Electric wheelchair attachment hire

  • Electric wheelchair attachment hire

    Posted by Andy on August 31, 2023 at 1:41 am

    Hi,

    We are heading to Japan in December. My son is tetraplegic and uses a batec electric scooter attachment. We are flying with JAL and the battery is too high a voltage to take on board so am wondering if there is any companies that hire electric chairs or batec’s.

    Also, are there any recommended wheelchair accessible hotels in Tokyo?

    Thanks

    Andy

    Mak replied 9 months, 3 weeks ago 4 Members · 5 Replies
  • 5 Replies
  • Jul

    Member
    August 31, 2023 at 2:44 am

    Hello,

    Most of the hotels are accessible.

    But if you need a special accessible room with equiped bathroom, we had one in the Royal Park hotel.

    I dont recommend at all the granbell hotel ( very small rooms) and New otani hotel: it’s a spendid hôtel but very big and not with a very good situation of my point of view.

  • Andy

    Member
    August 31, 2023 at 3:31 am

    Thank you Jul.

    I can imagine a lot of the rooms being small and my son will need to use a shower chair in the bathroom. I saw the Park hotel on booking.com. Am looking forward to going but am discovering the trip really needs to be planned in advance.

  • Josh Grisdale

    Concierge
    August 31, 2023 at 10:16 am

    Hi Andy,

    I know one or two people who brought something similar to the Batec but it seemed to cause more problems than help as you must remove it and carry it whenever you use public transportation. There are a few places that rent regular wheelchairs, so that might work out better.

    As for hotels – yes plan ahead! So, the law requires hotels with more than 50 rooms to have at least one accessible room. The two caviats are that:

    1. The requirements for “accessible room” are very loose and generally come down to no steps, and “enough room to fit a wheelchair” – which means there is a lot of variety and you cannot assume it is fine because it is the “accessible room”.
    2. Even though they may have them, not every hotel lists the room on their website etc and you may need to ask directly. Also be aware they may refer to it as a “universal” room or “barrier-free” room as the term “accessible” is not very common here.

    On Accessible Japan (my other website), I have a listing of hotels with the information I could gather. It is far from exhaustive, but a place to start. There is also a link to request rentals you can use and I can recommend companies to reach out to (sorry, I don’t want to put their emails out in public).

    Here it is: http://www.accessible-japan.com

  • Jul

    Member
    September 1, 2023 at 9:09 pm

    If the Park hôtel is the royal Park hôtel : we have been there: they have at least one room accessible , with à large bathroom.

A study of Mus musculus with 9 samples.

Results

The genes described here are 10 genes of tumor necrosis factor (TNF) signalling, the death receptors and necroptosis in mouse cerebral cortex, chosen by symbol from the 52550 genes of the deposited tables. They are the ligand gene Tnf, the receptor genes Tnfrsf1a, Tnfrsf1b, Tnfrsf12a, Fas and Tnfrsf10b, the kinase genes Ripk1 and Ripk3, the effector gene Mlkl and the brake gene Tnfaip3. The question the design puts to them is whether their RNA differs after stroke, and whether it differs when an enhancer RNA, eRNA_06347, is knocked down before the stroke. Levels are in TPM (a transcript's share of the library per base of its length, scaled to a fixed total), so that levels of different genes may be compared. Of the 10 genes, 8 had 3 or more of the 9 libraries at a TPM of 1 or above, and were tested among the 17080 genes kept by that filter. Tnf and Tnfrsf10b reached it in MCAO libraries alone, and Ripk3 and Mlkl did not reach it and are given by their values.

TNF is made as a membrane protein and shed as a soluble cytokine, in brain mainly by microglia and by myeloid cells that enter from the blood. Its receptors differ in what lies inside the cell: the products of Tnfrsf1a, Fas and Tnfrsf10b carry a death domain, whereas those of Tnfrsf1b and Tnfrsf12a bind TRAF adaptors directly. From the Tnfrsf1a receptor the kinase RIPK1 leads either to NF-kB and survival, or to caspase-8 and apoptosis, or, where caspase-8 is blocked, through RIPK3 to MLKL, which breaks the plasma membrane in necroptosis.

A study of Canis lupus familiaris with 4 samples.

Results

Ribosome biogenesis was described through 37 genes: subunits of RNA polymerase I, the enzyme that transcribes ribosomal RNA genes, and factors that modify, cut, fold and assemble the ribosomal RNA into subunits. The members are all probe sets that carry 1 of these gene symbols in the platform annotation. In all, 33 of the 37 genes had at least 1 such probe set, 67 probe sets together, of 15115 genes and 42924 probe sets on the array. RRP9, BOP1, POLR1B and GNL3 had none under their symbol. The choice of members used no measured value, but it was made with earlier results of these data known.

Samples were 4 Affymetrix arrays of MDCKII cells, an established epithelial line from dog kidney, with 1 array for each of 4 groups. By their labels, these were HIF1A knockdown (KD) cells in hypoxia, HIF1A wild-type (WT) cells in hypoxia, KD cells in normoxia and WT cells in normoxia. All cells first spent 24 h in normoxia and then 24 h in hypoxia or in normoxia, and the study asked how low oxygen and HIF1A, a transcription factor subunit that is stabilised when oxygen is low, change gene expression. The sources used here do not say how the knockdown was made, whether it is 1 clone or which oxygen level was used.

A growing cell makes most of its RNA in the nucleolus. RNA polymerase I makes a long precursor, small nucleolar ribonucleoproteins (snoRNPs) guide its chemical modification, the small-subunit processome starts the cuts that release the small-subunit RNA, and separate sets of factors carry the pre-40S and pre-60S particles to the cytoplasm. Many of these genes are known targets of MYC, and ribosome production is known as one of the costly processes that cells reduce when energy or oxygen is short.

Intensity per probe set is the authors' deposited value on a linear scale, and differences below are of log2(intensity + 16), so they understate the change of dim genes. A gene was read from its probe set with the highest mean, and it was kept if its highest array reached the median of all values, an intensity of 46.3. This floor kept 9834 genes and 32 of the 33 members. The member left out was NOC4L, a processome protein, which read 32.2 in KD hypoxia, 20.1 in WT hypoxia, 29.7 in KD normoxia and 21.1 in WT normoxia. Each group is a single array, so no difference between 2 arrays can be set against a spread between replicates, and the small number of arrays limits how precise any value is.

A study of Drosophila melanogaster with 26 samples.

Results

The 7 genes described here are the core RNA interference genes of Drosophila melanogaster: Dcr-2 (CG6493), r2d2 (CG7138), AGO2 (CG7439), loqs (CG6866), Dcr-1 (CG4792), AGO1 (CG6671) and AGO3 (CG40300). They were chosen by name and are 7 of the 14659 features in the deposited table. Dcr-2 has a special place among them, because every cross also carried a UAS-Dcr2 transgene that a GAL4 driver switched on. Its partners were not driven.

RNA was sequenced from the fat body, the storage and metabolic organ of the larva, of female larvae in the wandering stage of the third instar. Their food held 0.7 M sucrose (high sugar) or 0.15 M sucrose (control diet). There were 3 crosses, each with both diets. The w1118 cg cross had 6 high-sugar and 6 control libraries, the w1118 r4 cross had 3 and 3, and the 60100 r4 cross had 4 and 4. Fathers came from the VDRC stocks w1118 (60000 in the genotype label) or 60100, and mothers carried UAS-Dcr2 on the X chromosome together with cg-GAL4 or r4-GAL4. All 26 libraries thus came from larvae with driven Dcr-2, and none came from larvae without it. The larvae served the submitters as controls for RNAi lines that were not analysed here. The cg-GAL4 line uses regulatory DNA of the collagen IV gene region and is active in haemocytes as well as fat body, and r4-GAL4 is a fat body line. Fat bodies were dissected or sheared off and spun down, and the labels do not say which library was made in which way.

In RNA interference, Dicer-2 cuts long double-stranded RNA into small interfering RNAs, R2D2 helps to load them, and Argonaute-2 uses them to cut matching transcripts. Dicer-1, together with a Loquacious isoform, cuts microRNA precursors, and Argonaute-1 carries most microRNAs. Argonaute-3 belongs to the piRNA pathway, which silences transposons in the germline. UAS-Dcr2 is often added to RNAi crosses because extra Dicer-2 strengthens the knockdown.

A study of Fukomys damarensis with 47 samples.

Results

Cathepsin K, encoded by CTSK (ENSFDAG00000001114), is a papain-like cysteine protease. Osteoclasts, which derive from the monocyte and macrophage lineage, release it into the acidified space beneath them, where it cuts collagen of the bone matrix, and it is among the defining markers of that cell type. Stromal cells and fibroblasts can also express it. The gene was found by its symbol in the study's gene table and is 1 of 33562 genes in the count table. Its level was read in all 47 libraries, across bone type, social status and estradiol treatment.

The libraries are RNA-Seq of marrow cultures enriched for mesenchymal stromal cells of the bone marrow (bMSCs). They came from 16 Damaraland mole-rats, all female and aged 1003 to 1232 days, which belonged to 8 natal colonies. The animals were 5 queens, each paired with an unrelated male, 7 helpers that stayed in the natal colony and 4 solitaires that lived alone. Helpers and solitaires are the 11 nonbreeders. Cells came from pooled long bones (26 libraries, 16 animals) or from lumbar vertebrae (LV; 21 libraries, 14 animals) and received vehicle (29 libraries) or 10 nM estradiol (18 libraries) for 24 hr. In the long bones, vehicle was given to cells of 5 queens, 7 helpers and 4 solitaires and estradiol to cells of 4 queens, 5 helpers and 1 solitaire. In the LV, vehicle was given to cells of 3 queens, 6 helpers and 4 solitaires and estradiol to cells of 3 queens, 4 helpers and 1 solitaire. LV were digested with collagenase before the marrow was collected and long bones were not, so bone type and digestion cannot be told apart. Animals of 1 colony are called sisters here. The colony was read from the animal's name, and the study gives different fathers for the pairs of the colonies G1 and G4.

• Mak

    Member
    September 3, 2023 at 2:26 pm

    We travelled in 2015 to Japan, with our adult son who used a manual wheelchair and a Speedy attachment. It was very interesting. The Shinkansen was extremely precious about travelling with the Speedy attachment and at some stations we were able to take it on board without wrapping it up and at others we had to wrap the whole thing up until you could not see any of it, the wheels, everything and get it onto the station like that. A Speedy is very hard to maneuver and is heavy when you cannot wheel it. The older Japanese Station employees were wonderful but the younger generation were very strict and had no empathy.
    ***Make sure you have all your weights and dimensions and if possible have them in Japanese.
    On the regular trains we had no problem.
    Lifts were interesting and our son sometimes just fitted with the wheelchair, himself and the Speedy, sometimes another p[erson could manage to fit in with him. And other times some of our party would have to go up in the lift first and then send him up on his own and the rest of our party came up last.
    Accessible bathrooms were great, we planned our trip well in advance and only had the problem that we could not get rooms on the same floor as the accessible floor. So our party was separated and the support worker and our son were on one floor and the other members were always on different floors of a hotel.
    Beware of rooms in Japan which are accessible and have had a person in them that has smoked. We had to move hotels due to this reason. Our son has asthma and the accessible room stunk of smoke. The hotel tried everything to clean it but it did not work. Thankfully we had booked through a travel agency and we were able to contact them and they were able to move us to another hotel, eventually, but it took time and was not a pleasant experience at all.
    We had Japanese guides in every place we went to and only one city did we find a guide was not knowledgeable about accessibility and would not take us to certain areas we wanted to go to because of our sons wheelchair, this was disappointing.

    The normal railway system is difficult with the lift system, if anyone in your party goes up the stairs, you may find that the lift you take with your wheelchair arrives at a completely different street to where the stairs are. Be aware of this. We found this on a number of occasions and we were glad we had our mobile phones. It was quite stressful to begin with.

    Once we overcame all of these “joys” of travelling Japan with a wheelchair and Speedy attachment, we had a great trip. Planning is key. Dec/Jan was a great time to travel as it was a lot quieter than other seasons and our son had plenty of room when sightseeing especially in Tokyo.

    My son is planning a return trip back to Japan in Autumn 2024 now.